They were evenly matched for much of the first set at Arthur Ashe Stadium.
Williams blasted an ace out wide to start the proceedings and held serve at love.
Stephens replied with a tougher fought but impressive hold, easily handling Williams’s vaunted power and winning a 23-stroke rally.
While Williams held serve with ease, Stephens made her own statement of strength in fighting so hard to hold her serve in reply. She made Williams work on each rally, yanking her from side to side with sharply angled forehand blasts.
Serving at 4-5, Stephens fended off two set points before getting broken to lose the set.
Facing break point in the opening game of the second set, Williams uncorked two huge serves to dig out of trouble. Then she broke Stephens in the fourth game by playing terrific defense to take a 3-1 lead, then erupted with a huge “C’mon!” and fist pump.
Williams cruised from there as Stephens started over-hitting in an effort to stay in the match.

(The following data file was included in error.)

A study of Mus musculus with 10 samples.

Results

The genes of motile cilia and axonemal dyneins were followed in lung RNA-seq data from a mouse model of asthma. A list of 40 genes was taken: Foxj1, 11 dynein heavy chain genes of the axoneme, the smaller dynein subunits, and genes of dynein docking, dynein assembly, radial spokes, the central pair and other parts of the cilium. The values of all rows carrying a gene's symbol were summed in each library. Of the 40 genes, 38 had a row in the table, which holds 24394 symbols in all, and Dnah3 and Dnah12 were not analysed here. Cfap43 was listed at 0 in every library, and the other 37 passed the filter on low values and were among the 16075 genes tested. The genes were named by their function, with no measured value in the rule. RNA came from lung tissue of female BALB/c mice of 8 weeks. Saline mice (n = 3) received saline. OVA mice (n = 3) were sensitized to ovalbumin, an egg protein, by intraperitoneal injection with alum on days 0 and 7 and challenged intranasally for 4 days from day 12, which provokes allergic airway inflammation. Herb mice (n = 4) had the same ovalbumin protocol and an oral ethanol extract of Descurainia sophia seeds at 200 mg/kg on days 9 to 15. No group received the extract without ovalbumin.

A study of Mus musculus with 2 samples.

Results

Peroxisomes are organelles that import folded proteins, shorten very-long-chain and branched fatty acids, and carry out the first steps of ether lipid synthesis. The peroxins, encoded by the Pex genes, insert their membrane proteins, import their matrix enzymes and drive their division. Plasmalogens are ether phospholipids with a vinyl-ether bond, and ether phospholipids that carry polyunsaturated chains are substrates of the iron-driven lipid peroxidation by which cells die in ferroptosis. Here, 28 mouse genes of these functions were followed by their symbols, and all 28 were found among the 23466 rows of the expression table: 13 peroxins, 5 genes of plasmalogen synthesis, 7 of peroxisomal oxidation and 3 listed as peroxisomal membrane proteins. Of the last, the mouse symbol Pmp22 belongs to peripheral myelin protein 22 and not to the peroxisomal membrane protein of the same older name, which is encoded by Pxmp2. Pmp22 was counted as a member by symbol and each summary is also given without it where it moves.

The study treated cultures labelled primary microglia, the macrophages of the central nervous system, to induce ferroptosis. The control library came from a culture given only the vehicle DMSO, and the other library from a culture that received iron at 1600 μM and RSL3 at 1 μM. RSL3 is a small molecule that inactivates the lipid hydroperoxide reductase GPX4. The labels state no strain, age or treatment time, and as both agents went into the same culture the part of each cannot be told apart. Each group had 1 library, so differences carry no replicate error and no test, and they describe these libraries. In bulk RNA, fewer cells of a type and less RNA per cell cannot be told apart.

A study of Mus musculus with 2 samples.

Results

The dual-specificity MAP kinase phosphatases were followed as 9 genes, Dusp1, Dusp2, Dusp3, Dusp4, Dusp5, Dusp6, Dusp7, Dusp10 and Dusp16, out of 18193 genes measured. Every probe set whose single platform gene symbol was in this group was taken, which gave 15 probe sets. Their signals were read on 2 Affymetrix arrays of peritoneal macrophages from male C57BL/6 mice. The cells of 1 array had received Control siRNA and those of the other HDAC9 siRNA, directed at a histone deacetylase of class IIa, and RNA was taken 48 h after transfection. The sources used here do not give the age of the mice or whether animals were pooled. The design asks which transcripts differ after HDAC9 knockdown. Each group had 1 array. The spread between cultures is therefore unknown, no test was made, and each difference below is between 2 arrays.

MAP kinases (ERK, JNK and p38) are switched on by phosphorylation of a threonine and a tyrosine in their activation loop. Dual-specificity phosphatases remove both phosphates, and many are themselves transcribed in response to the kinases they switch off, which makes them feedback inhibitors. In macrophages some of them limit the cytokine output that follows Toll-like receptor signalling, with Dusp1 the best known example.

After Stephens’s final forehand plowed into the net to end the match, they met at the net and clasped hands. Moments later, Williams praised Stephens once more during an on-court interview broadcast to the crowd.
“Sloane is such a great player!” Williams said. “How excited are we for the future of American tennis, right?”
Indeed, Stephens did so many things right. She had no trouble with the pace of Williams’s serve. She played the aggressor at key moments. She ripped her forehand with authority. And she seemed the fitter woman, barely breathing hard after furious rallies.
But with her occasional wild shots, whether struck off balance or overly aggressive, she also demonstrated that the future of American tennis needs a bit more incubation time.
Notes: Earlier Sunday, defending U.S. Open men’s champion Andy Murray needed less than two hours to dispatch Germany’s Florian Mayer, 7-6 (7-2), 6-2, 6-2.
Top seed Novak Djokovic needed even less time against Joao Sousa of Portugal, advancing, 6-0, 6-2, 6-2, in 1 hour 41 minutes.
The women’s draw lost No. 3 seed Agnieszka Radwanksa, who was ousted by Ekaterina Makarova, 6-4, 6-4. And No. 5 Li Na dismantled Jelena Jankovic, 6-3, 6-0.
The top-ranked doubles team of Bob and Mike Bryan survived a scare but advanced to the quarterfinals upon defeating the unseeded tandem of Canadians Daniel Nestor and Vasek Pospisil, 6-7 (7-1), 7-5, 6-2.
The 35-year-old twins, who have won 15 major titles, are trying to become the first men’s doubles team in 62 years to win all four majors in the same year.